Contact: Cathy Yarbrough
Genetics Society of America
As Rachel Carson predicted 50 years ago in her groundbreaking book Silent Spring, crop pests are capable of outwitting the chemical compounds known as xenobiotics that are devised to kill them. This development of resistance to insecticides is a serious problem because it threatens crop production and thereby can influence the availability and costs of many foods as well as the economy.
To understand the genetic mechanisms underlying insecticide resistance, University of Kansas scientists turned to the fruit fly Drosophila melanogaster and caffeine, a stimulant drug that is often employed as a surrogate for xenobiotics in lab studies on resistance.
The researchers tested the response to caffeine for over 1,700 lines of fruit flies from the Drosophila Synthetic Population Resource (DSPR). They successfully mapped 10 quantitative trait loci, stretches of DNA containing genes linked to either resistance or susceptibility to caffeine, and subsequently identified Cyp12d1-d and Cyp12d1-p, two members of the cytochrome P450 gene family that codes for enzymes that are involved in detoxifying toxic compounds: The scientists found that the two genes contribute over 10 percent of the fruit flies' variation in resistance to caffeine.
This approach can be employed to uncover genes involved in resistance to essentially any drug of interest. In fact, in previous studies (G3: Genes|Genomes|Genetics, August 2013), the authors adopted this approach to identify 45 percent of the genetic variance in the toxicity of the chemotherapeutic medication methotrexate.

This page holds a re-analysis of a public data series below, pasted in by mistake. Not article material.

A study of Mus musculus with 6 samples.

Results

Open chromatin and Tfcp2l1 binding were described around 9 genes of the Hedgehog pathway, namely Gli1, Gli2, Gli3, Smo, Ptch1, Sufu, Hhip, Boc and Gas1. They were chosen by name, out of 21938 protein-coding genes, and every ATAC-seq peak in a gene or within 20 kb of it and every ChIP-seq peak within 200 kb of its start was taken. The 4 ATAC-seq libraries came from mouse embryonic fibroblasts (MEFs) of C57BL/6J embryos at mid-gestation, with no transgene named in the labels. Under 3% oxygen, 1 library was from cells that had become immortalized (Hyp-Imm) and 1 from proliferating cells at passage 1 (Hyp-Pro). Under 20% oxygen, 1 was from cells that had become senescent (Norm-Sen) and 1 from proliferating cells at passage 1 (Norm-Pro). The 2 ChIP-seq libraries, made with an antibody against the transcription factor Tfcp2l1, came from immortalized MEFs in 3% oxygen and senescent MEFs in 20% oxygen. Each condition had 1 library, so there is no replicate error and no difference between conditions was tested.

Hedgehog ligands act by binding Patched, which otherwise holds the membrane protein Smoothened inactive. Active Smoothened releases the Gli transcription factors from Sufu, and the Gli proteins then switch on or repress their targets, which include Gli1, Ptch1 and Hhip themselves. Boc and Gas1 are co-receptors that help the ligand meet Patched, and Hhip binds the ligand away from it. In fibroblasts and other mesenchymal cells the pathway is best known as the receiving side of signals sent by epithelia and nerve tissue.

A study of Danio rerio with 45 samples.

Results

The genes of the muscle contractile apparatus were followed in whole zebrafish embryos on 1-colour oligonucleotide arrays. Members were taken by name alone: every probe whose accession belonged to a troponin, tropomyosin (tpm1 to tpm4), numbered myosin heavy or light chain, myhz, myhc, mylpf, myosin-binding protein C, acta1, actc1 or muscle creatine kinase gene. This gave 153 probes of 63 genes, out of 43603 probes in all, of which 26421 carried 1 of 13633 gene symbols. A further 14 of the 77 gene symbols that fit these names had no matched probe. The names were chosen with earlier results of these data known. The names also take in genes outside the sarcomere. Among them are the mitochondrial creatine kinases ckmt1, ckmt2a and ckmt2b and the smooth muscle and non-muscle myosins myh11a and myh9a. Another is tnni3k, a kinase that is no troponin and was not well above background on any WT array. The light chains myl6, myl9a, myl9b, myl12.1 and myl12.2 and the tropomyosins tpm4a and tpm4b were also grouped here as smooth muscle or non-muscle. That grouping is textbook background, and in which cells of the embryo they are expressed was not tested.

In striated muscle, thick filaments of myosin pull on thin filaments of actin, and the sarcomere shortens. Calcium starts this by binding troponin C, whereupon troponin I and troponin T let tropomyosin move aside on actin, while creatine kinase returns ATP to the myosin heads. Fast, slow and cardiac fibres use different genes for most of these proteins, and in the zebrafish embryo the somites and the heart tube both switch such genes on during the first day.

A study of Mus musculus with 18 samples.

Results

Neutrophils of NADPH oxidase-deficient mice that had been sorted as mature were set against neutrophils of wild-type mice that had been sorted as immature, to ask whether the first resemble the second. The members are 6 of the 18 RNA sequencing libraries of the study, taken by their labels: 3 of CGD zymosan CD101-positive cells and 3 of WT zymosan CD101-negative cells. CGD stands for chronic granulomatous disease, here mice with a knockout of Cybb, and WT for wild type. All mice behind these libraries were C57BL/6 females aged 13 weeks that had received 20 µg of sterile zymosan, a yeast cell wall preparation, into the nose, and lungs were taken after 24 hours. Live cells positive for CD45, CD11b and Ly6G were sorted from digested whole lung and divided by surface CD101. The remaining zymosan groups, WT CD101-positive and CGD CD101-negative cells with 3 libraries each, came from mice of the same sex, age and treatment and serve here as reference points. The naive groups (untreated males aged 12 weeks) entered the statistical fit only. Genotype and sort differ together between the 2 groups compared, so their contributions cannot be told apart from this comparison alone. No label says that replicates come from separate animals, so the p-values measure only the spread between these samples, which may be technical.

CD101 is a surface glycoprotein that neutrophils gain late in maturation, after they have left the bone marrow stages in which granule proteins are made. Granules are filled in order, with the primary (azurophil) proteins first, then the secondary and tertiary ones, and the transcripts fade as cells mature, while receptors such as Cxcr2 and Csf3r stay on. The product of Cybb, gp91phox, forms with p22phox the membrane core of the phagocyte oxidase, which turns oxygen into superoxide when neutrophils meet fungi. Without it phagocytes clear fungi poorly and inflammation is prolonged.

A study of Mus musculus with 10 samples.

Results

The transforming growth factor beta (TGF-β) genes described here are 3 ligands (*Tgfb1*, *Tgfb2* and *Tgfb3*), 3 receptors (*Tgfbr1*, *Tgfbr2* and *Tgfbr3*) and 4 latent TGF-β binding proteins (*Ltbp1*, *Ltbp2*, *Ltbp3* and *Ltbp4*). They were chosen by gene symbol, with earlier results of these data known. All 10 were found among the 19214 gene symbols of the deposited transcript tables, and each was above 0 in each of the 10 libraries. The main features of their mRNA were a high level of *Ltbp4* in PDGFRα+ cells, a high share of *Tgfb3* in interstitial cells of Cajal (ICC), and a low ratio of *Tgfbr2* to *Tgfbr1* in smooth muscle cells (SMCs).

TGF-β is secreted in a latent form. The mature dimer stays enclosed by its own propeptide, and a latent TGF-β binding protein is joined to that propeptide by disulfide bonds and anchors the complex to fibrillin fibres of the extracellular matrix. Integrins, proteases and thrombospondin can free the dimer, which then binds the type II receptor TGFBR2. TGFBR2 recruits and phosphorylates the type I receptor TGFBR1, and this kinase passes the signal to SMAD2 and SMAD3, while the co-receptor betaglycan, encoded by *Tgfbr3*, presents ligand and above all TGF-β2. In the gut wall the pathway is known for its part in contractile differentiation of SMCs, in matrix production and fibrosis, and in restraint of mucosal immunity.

"Quantitative genetics of caffeine resistance in Drosophila melanogaster." Chad A. Highfill, Michael A. Najarro, Stuart J. Macdonald. Department of Molecular Biosciences, University of Kansas, Lawrence, KS.
ABOUT GSA: Founded in 1931, the Genetics Society of America (GSA) is the professional scientific society for genetics researchers and educators. The Society's more than 5,000 members worldwide work to deepen our understanding of the living world by advancing the field of genetics, from the molecular to the population level. GSA promotes research and fosters communication through a number of GSA-‐sponsored conferences including regular meetings that focus on particular model organisms. GSA publishes two peer-‐reviewed, peer-edited scholarly journals: GENETICS, which has published high quality original research across the breadth of the field since 1916, and G3: Genes|Genomes|Genetics, an open-access journal launched in 2011 to disseminate high quality foundational research in genetics and genomics. The society also has a deep commitment to education and fostering the next generation of scholars in the field. For more information about GSA, please visit http://www.genetics-gsa.org. Also follow GSA on Facebook at facebook.com/GeneticsGSA and on Twitter @GeneticsGSA.